Home Read Albums Of The Week: Black Grape | Orange Head

Albums Of The Week: Black Grape | Orange Head

THE EDITED PRESS RELEASE:Black Grape could only have been made in Manchester. The swagger, fun and cryptic humour seem hewn from a city historian AJP Taylor once described as offering an archetypally different way of English urban life to London.

Both Shaun Ryder and Paul Leveridge, known as Kermit, came from edgy-but-cool parts of the city. In Shaun’s case Salford, with Kermit originating Moss Side. For those unfamiliar, ‘the Moss’ lay in the shadow of Manchester City’s old stadium at Maine Road, and was one of the first multi-ethnic areas in Manchester. The Moss can get fookin heavy. So we have two restlessly creative men, both from the wrong side of the tracks, neither inclined to go to art school or enroll on an MFA programme, yet loaded with street smarts and musical talent, and wanting the world. Good old punk had told every scally they could have it, and a generation of went for it in our own ways, with varying degrees of success. Shaun’s astonishing rise and fall with Happy Mondays is the stuff of legend.

Drugs, and smack in particularly, are almost custom-designed to ambush such personalities on route, to provide that distracting maze so many us struggle to navigate our way out of at certain times in our lives. But drugs also brought Shaun and Kermit together. As the friendship developed, so too did a stunning collaboration. It’s Great When You’re Straight, the ironically entitled album, which gave a nod to their hook up as drugs buddies around the grizzled fag end of Happy Mondays and Kermit’s band The Ruthless Rap Assassins. It was a storming phoenix rising from the ashes of the other projects that seemed to have run their course.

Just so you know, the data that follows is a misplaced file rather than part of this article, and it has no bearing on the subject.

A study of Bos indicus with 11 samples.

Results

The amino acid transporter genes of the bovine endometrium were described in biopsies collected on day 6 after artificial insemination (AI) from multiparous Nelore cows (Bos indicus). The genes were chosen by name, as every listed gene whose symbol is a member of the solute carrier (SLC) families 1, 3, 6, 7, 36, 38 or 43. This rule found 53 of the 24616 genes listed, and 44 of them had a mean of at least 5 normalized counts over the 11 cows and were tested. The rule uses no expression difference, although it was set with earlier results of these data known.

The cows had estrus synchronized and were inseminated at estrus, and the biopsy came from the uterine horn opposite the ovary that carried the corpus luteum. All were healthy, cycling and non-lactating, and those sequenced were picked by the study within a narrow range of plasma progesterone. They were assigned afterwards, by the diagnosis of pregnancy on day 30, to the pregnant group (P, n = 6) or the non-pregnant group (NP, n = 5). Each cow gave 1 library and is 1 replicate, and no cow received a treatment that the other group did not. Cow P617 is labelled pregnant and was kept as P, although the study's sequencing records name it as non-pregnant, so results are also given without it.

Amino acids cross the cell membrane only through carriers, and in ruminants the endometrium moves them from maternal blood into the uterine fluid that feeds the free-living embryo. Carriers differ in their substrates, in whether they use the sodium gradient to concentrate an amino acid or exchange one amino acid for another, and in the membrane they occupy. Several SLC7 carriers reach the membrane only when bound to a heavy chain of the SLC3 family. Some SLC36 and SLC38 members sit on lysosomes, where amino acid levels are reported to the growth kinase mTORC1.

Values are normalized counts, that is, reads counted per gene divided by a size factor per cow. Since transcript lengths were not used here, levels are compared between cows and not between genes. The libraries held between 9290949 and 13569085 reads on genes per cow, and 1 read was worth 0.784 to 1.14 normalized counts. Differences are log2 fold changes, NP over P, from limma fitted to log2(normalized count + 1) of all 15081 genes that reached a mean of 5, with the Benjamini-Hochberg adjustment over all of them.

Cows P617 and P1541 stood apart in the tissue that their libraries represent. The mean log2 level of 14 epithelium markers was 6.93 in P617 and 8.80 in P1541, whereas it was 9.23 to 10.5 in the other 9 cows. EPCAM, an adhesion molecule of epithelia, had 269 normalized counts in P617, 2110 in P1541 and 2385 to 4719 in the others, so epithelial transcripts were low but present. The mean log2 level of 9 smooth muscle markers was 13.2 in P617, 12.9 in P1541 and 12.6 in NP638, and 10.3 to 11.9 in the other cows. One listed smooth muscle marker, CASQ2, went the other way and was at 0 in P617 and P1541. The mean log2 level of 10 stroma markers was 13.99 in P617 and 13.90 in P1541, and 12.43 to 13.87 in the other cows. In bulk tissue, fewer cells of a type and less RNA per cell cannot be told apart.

Black Grape followed this up with Stupid Stupid Stupid, which, while not hitting the giddy heights of its predecessor, had enough to moments to cement the band as a fixture. Then came Pop Voodoo in 2017. Then…nothing. Till now.

Shaun’s triumphs, struggles and diversions have been well documented. The usual contract and money hassles, a best-selling account of his life, the stunning solo albums Amateur Night in the Big Top and Visits from Future Technology, a serious and informative investigation of UFOs as an author and broadcaster, a reality TV bon vivant and finally, a life as a clean-living family man, which has supplanted his old ways. And of course, there was the reformation of Happy Mondays.

Years of hard living, however, had taken their toll on Kermit. He would develop septicemia and needed the transplant of pig’s valve into his heart. Despite this, he was battling gamely back into music. And his remarkable recovery from this life-threatening condition and operation would be the catalyst for another Black Grape previous collaboration.

The world is in a bit of a state right now, and bullshit reigns more than ever, and perversely disguised as candour. We need Manc street sass, intelligence and wit more than ever right now. Black Grape have that in spades.”